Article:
We believe that Walgreens Boots Alliance stock (NASDAQ: WBA) may be a good buying opportunity at the present time. WBA stock trades near $38 currently and it is, in fact, down 36% so far this year (from $59 at the beginning of 2020). It traded at $44 in late March 2020 – when the markets made a bottom – and is currently 13% below that level as well. This marks a significant underperformance compared to the broader markets, with the S&P 500 rallying 60% since its March lows, and the index is now up 9% thus far in 2020. This underperformance can partly be attributed to news of Amazon’s entry as an online pharmacy. Walgreens has already been struggling with its UK business due to stiff competition from online retailers. That said, the company’s management has stated that Amazon’s entry should not be worrying given that mail-only service currently accounts for only 10% of prescriptions filled in the U.S., and usually people remain loyal to physical drugstores. We believe that the stock is oversold now and it will likely see an upside from the current levels. Our conclusion is based on our comparative analysis of Walgreens Boots Alliance stock performance during the current financial crisis with that during the 2008 recession in our interactive dashboard.
2020 Coronavirus Crisis
Timeline of 2020 Crisis So Far:
- 12/12/2019: Coronavirus cases first reported in China
- 1/31/2020: WHO declares a global health emergency.
- 2/19/2020: Signs of effective containment in China and hopes of monetary easing by major central banks helps S&P 500 reach a record high
- 3/23/2020: S&P 500 drops 34% from the peak level seen on Feb 19, as COVID-19 cases accelerate outside China. Doesn’t help that oil prices crash in mid-March amid Saudi-led price war
- Since 3/24/2020: S&P 500 recovers 60% from the lows seen on Mar 23, as the Fed’s multi-billion dollar stimulus package suppresses near-term survival anxiety and infuses liquidity into the system.
In contrast, here is how WBA stock and the broader market fared during the 2007-08 crisis
Timeline of 2007-08 Crisis
MORE FOR YOU
- 10/1/2007: Approximate pre-crisis peak in S&P 500 index
- 9/1/2008 – 10/1/2008: Accelerated market decline corresponding to Lehman bankruptcy filing (9/15/08)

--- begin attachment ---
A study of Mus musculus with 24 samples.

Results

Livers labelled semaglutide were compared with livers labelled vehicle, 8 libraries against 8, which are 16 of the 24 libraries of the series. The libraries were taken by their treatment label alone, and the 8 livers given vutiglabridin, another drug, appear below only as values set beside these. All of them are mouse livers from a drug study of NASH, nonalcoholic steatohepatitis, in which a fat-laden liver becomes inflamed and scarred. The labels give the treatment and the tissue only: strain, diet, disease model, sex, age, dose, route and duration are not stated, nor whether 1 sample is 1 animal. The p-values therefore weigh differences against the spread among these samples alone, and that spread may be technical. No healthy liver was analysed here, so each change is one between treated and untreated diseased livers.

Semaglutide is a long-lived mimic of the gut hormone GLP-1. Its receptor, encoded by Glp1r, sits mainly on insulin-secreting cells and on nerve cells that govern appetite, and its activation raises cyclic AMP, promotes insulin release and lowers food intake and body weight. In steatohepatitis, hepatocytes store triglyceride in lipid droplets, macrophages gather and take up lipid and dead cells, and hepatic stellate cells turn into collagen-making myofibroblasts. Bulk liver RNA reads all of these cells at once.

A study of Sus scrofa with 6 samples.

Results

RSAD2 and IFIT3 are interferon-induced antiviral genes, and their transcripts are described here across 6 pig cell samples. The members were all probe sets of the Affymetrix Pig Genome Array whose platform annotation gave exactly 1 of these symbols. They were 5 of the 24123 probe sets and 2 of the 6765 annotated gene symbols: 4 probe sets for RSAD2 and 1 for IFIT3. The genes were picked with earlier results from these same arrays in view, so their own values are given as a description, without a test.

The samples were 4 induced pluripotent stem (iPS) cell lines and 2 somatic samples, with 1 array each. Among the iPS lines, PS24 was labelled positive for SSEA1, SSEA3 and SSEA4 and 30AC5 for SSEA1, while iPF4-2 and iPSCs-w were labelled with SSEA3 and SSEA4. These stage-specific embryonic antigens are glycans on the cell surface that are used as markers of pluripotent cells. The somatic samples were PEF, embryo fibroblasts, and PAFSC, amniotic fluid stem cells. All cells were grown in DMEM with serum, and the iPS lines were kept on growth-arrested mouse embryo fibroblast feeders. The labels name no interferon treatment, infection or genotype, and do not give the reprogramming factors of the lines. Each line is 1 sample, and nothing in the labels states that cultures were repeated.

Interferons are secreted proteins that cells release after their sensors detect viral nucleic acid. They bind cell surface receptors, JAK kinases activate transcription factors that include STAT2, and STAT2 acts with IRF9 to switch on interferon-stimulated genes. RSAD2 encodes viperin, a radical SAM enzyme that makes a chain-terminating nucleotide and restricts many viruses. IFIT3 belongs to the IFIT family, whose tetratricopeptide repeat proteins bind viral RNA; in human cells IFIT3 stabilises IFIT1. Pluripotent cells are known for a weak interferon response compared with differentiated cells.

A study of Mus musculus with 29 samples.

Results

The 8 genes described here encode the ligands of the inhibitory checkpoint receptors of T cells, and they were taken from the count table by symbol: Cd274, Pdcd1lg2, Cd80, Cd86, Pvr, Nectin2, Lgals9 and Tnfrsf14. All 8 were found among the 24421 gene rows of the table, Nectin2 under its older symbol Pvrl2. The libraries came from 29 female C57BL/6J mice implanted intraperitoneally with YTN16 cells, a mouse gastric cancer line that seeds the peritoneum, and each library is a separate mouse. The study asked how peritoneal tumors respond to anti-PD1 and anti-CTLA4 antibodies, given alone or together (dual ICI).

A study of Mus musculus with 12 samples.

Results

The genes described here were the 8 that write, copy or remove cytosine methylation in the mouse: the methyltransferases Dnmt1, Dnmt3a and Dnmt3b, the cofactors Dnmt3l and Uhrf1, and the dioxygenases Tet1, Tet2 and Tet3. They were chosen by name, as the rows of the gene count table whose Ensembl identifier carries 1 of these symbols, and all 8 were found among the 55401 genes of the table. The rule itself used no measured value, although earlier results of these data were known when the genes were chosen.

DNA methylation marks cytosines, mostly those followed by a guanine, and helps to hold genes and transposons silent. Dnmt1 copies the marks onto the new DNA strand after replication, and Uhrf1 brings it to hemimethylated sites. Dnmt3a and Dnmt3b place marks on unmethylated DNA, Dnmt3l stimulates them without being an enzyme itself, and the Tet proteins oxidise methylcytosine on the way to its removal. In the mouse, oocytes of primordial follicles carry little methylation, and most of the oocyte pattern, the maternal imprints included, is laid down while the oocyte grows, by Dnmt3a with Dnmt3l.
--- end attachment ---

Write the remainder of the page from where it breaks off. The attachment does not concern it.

- 3/1/2009: Approximate bottoming out of S&P 500 index
- 12/31/2009: Initial recovery to levels before accelerated decline (around 9/1/2008)
WBA and S&P 500 Performance Over 2007-08 Financial Crisis
WBA stock declined from levels of about $40 in September 2007 (pre-crisis peak) to levels of $24 in March 2009 (as the markets bottomed out), implying WBA stock lost 41%. It recovered post the 2008 crisis, rallying a strong 54% to levels of $37 by January 2010. In comparison, the S&P 500 Index saw a decline of 51% from its peak in September 2007 to its bottom in March 2009, followed by a sharp recovery of 48% by January 2010.
Walgreens Company Fundamentals Over Recent Years Have Been Good
Walgreens has been able to consistently grow its revenues from $103 billion in 2015 to $139 billion in 2020 (Walgreens’ fiscal ends in August), primarily led by growth in its U.S. retail business, which more than offset the decline in the company’s international stores sales. However, Walgreens Net Margins have declined from 3.9% to 3.0% over the same period. This has impacted the EPS, which grew just 22% to $4.74 (vs $3.88 in 2015) compared to a 35% growth seen in revenues. More recently, the company’s Q4 revenues saw a 2.3% y-o-y growth led by growth in prescriptions filed. The company reported earnings of $1.02 on a per share and adjusted basis, a decline of 28% compared to $1.43 in the prior year quarter. The earnings decline can be attributed to continued pressure on its margins from international business, as well as the adverse impact of Covid-19.
Does Walgreens Company Have Sufficient Cash Cushion To Meet Its Obligations Through The Coronavirus Crisis?
Walgreens total debt decreased from $19 billion in 2016 to under $16 billion at the end of fiscal 2020, while its total cash came down from $10 billion to $0.5 billion over the same period. Walgreens generated cash from operation of $5.5 billion in fiscal 2020. The company has enough liquidity cushion to weather the current crisis.
Phases of Covid-19 Crisis:
- Early- to mid-March 2020: Fear of the coronavirus outbreak spreading rapidly translates into reality, with the number of cases accelerating globally
- Late-March 2020 onward: Social distancing measures + lockdowns
- April 2020: Fed stimulus suppresses near-term survival anxiety
- May-June 2020: Recovery of demand, with gradual lifting of lockdowns – no panic anymore despite a steady increase in the number of cases
- July-October 2020: After poor Q2 results, Q3 expectations were lukewarm, but continued improvement in demand, and progress with vaccine development buoyed market sentiment
As the global economy opens up and lockdowns are lifted in phases, consumer demand is expected to pick up. This could be reflected in the form of a pick-up in revenue toward the end of 2020, followed by revenue growth in 2021, boding well for the stock in the near term
What if you’re looking for a more balanced portfolio instead? Here’s a high-quality portfolio to beat the market, with over 100% return since 2016, versus 55% for the S&P 500. Comprised of companies with strong revenue growth, healthy profits, lots of cash, and low risk, it has outperformed the broader market year after year, consistently.